Sunday, September 13, 2009

Cornell Companions

This weekend was screening weekend for Cornell Companions, a pet visitation program here in the Ithaca area. Volunteers visit various facilities with their animals (mostly dogs, but we do have cats, birds, and the occasional llama!)- nursing homes, correctional facilities, hospitals, centers for children with disabilities, etc.

I thought it would be awesome to participate with Winnie, since she's here with me now. The screening sessions took place over a span of two days- Saturday and Sunday. Incidentally, I also happen to be the administrative assistant of Cornell Companions. I recently got the job a couple weeks ago for some extra cash. It pays a decent amount (for a low-effort job, at least) and I only have to work a couple hours a week from my own computer. This weekend was awesome because I got paid for several hours' work even though I worked on my own homework most of the time! All I really did was greet people, check them in, and tell them what forms to fill out. Good stuff.

My work station this weekend. Excel sheet, forms, scientific papers for me to read (my homework), and dog treats for Winnie. Oh, and an apple.

Anyway, I was at the vet school checking people in from around 8am to 3pm both yesterday and today. Since I was also participating as a potential volunteer, I had to get Winnie screened as well. I brought her with me today and screened her in the morning- and she passed! The screening test is basically a more relaxed version of the AKC's Canine Good Citizen Test. Winnie did really well!

Since I couldn't exactly go back home during the screening session (I had to check people in as they came for their screening appointments) Winnie sat next to me the entire morning/afternoon and acted as the unofficial Cornell Companions Ambassador.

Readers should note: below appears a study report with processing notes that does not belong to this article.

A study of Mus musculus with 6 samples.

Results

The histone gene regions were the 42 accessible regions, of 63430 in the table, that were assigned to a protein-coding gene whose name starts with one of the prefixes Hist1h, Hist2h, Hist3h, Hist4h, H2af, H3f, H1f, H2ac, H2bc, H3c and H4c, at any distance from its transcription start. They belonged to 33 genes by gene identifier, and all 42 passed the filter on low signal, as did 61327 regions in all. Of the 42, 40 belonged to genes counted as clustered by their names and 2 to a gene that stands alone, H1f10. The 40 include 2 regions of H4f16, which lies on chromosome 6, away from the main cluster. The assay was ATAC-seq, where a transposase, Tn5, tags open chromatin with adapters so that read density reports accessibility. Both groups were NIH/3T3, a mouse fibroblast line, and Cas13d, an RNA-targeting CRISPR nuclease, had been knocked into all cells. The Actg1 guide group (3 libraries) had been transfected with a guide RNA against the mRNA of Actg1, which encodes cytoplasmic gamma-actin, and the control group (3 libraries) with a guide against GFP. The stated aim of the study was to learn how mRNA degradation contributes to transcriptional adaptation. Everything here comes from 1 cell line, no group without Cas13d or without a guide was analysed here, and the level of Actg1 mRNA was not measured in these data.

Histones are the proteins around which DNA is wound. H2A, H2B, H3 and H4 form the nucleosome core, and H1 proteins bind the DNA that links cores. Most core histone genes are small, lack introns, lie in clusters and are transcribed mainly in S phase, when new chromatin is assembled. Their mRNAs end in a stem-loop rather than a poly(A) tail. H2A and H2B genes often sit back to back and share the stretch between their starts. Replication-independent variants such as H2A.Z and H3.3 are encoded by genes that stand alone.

Winnie "guarding" the gates to the screening room.

I used this as a training opportunity. She has gotten incredibly good at her "Leave It" command over the past few weeks (living in an apartment gives more opportunity for barking). I worked on keeping her calm and ignoring the other dogs, which she did fantastically.

I was really pleased to see her relax and even fall asleep a bit in this new environment.

Although almost all of the screened animals were dogs, we did have one bird- a cute Senegal Parrot. While the parrot and her owner/handler were in the other room during the test, Winnie took the opportunity to sniff out the bird cage.

Since she's more of a high-activity dog, we got placed in the Lansing Residential Center and the MacCormack Center. A nursing home wouldn't be a very good fit for her, hah.

Lansing is a correctional facility for youth females who have committed less severe crimes, and MacCormack is a high-security correctional facility for youth males who have committed more serious crimes. I'm really looking forward to going to MacCormack because it's the only facility that allows the dogs and facility residents to interact and play off-leash.

With Winnie's previous reactivity issues, I never thought I'd be able to do something like this with her. She has improved so much over the past year or so, and although she is still a work in progress, we're definitely progressing.

I'm really looking forward to our first visit in a couple weeks! I'll be sure to take some pictures while I'm there.


Angela said...

That sounds like fun! I don't know if they have anything like that here in West Virginia??? Probably not...... Anyway, I'm not sure how my girl Jazz would do at something like that. We haven't ever had any training.


a corgi said...

sounds like a great program to be part of; sounds like a good fit where Winnie got placed too; I bet both of you will find it rewarding

good for Winnie for behaving so well too when she was helping you check in other pets :)


Laura, Lance, and Vito said...

Wow that sounds great! I bet you're so proud of Winnie!!!

Kelly said...

Wow, way to go Winnie!

JulieandCaleb said...

Hooray, Winnie! That's fantastic. You must be such a proud momma!

Jenna Z said...

Big congrats! Isn't it amazing to look back at a formerly reactive dog and see how far they've come?!